I am fairly sure that this node will sound like "Memories of a Happy Cannibal" to many people - more the pity for them: you wanted an international Everything ? You wanted me to node what I know ? Here it goes:

Equophagia: the pleasures of eating horses

It is well known that the Anglo-Saxons do not eat horse meat. In their culture the horse enjoys a very privileged "pet" status, which nonetheless does not protect it from being ground up and fed to other pets either as frozen ground meat or (more discreetly) as dry pet food. Nor did its "petness" keep the old nag from the glue factory.

Anyway, other cultures (among them the Italian and the French) are not quite as squeamish when it comes to eating horse.
One should observe, though, that even in these cultures horse meat is considered something different, to the point that Italian and French law mandates that there should be special equine butchers, with different premises.

How to eat horse

Horse meat is usually dark red and quite lean, without much marbling.
This means that the greatest problem in cooking it is that it tends to drying and becoming fibrous and chewy. An undesirable outcoume.
That is why horse steak should be cooked very quickly in a very hot pan, with some cooking fat. Don't barbecue it !

Another good technique is the pot roast:

For a pound of lean horse meat, cut an equal weight of onion in rings (this may sound like a lot of onions, but they shrink, believe me).
Sautee the onions, one chopped carrot and some garlic in oil (not butter: it would burn later).
After ten minutes, put the meat in the pot and cover it with the onions.
Cook well covered on a very low fire, barely enough to keep it sizzling. Turn the meat every quarter of an hour, and check that the onions underneath it do not burn.
There should always be some liquid at the bottom of the pot. Red wine can be added at the beginning.
It should be done in about one hour.
After taking the meat out of the pot, you can puree the vegetables and the stock to produce a tasty gravy: or you can serve them as they are, as a side.

Ground horse meat can be simply sauteed until it turns gray, maybe with some onions.

But the greatest delight is certainly raw horse meat, either ground and spread on bread with some olive oil, pepper and salt or served as a carpaccio.
Of course this requires high quality horse meat, although horses do not carry the wealth of diseases that pigs do.

Horse meat: a personal memoir

When I was a kid, I lived in Parma. Buying horse meat was the first outside chore I was entrusted with by mother. I was maybe eight, and I would proudly walk (or pedal) to the Macelleria Equina one block away, and buy "3 hectograms, ground horse, first quality".
Checking that the 300 grams did not include 10 grams of wax paper was my introduction to the subtleties of commerce and fraud.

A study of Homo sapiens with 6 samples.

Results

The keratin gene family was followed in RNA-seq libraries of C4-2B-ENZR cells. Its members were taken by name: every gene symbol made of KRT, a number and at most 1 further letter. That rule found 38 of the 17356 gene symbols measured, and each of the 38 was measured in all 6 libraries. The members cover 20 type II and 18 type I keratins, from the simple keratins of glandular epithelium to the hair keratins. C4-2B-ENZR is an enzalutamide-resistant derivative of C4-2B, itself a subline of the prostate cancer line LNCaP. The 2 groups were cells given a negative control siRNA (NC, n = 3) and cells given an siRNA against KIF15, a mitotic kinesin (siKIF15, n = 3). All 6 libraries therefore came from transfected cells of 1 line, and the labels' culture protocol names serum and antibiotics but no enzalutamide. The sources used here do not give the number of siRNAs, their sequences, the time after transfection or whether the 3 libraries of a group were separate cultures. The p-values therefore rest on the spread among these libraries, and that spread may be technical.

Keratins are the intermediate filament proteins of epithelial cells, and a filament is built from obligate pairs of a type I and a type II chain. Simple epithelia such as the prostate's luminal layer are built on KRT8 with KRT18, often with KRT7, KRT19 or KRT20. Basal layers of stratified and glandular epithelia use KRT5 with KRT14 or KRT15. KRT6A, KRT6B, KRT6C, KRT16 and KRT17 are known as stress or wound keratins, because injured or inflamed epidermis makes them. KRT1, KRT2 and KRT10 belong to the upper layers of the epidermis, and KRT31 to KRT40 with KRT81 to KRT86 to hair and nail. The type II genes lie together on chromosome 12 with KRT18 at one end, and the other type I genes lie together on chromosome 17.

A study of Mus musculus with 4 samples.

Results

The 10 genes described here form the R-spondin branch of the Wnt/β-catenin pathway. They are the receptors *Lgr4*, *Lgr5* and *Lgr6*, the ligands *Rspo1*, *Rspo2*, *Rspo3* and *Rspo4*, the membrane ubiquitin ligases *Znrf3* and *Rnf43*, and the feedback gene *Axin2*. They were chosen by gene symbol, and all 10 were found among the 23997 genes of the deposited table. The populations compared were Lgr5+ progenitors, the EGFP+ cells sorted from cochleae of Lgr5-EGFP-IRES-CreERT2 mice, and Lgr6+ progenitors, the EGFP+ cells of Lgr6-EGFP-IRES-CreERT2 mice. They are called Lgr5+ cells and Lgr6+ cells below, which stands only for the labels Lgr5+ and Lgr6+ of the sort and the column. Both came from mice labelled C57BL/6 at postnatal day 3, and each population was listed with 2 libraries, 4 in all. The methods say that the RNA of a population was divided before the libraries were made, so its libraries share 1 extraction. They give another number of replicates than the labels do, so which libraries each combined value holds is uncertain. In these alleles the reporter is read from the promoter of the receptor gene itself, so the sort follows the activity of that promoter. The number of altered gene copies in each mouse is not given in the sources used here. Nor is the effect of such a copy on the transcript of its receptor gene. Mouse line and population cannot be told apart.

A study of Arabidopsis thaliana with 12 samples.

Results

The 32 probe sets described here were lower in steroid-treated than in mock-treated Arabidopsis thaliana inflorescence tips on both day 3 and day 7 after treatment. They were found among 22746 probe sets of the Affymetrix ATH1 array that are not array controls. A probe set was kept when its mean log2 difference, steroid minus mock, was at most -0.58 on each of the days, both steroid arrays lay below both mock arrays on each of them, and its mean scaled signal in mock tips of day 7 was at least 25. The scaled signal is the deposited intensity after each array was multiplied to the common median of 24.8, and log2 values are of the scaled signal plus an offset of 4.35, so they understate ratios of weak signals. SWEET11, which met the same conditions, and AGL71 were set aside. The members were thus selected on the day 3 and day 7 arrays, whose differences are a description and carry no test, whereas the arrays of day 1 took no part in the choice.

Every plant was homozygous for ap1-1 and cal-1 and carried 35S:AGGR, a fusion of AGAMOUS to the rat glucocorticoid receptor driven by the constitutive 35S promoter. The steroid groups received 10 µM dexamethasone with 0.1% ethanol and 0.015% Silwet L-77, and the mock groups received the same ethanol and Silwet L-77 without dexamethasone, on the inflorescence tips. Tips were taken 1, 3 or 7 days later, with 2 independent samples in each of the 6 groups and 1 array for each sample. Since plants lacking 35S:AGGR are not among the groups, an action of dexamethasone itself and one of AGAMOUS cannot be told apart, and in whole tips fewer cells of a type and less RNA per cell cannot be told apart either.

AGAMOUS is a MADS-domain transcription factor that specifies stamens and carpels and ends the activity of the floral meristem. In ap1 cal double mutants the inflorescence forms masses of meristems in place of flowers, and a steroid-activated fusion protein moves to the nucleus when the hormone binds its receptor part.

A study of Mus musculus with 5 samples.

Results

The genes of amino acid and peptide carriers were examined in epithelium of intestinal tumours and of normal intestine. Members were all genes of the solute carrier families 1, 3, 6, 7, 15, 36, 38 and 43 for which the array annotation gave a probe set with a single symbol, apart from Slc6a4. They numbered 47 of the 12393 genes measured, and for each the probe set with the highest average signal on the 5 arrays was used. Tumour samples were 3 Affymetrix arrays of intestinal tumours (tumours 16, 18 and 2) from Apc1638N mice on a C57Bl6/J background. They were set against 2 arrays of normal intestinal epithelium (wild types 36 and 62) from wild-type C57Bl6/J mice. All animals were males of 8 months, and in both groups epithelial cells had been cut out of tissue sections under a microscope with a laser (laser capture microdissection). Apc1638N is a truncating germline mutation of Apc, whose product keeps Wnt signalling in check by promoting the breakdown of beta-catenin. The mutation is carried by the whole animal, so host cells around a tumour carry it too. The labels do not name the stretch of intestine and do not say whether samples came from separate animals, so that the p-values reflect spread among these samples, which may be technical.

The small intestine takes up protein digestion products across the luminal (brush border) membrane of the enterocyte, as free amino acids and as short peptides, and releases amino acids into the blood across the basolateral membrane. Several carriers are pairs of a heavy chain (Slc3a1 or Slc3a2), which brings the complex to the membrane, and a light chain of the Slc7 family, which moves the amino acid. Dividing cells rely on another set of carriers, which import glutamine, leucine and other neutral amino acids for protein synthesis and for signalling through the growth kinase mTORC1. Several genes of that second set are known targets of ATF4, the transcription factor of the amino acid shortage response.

Of late there has been a 'scandal' in Europe, where it was discovered for example that 'beef' being sold in a major UK grocery chain actually contained a substantial portion of horse meat (and pig meat, and as it turned out even goat, donkey, and water buffalo). The citizenry is outraged, embarrassed apologies have been made, inquiries have been promised by involved companies and government types. It turned out that even Burger King was buying meat from a tainted supplier, though no sign of whinnying has yet been detected in BK fare, but not long thereafter, Nestle joined the panic, pulling horse-meat-infused beef ravioli and beef tortellini products from European shelves. And Ikea stopped the sale of Swedish meatballs (prompting one noted blogger to observe, as quoted by Conan O'Brien, that those outraged by horse meat in Ikea meatballs ought to first ask themselves why they are buying meatballs in a furniture store).

But, at the end of the day, how odd from a more worldly perspective that people would be at all offended to discover horse meat in their hamburgers -- as though eating the flesh of a horse somehow differs on some hidden hierarchy from eating that of a cow. I must concede that I too have eaten horse meat, though I knew exactly what I was getting when I got it. Astute observers might note that I am a vegetarian -- and indeed I have been for thirteen years -- but for over two decades before that, I was as avidly carnivorous as the next guy. And as vegetarian I have come to be equally baffled by the whole spectrum of meat-eating. Naturally, there was a time when I, too, was a meat eater, and in my day I sampled such fare as iguana, toucan, rattlesnake, and capybara. I've eaten what is eaten in parts of the world with differing tastes, in Japan, in Southeast Asia, in Peru.

And in all of my experiences, despite the ephemeral distinction in flavors and textures, I never encountered a discernibly deeper fundamental difference, morally or biologically, between eating the flesh of a horse or donkey or goat, and that of a cow, a pig, a dog, or a hippopotamus. Arising as they do from a universal common ancestor, over the course of evolution, what separates the horse from the cow is little more than the length and thickness of bones. Amino acids generated by startlingly similar DNA, all of them. Horses might not be 'raised to be eaten,' but they are probably even healthier fare given the things manufacturers now put into cows, to fend off the super-bacteria in which they wallow, and to make them fatty and faster-growing. So, while I will never again seek to eat the flesh of a fellow animal, nor can I put reason to the notion that eating some barnyard regulars is fine, while eating the meat of the horse is objectionable, bordering on the criminal.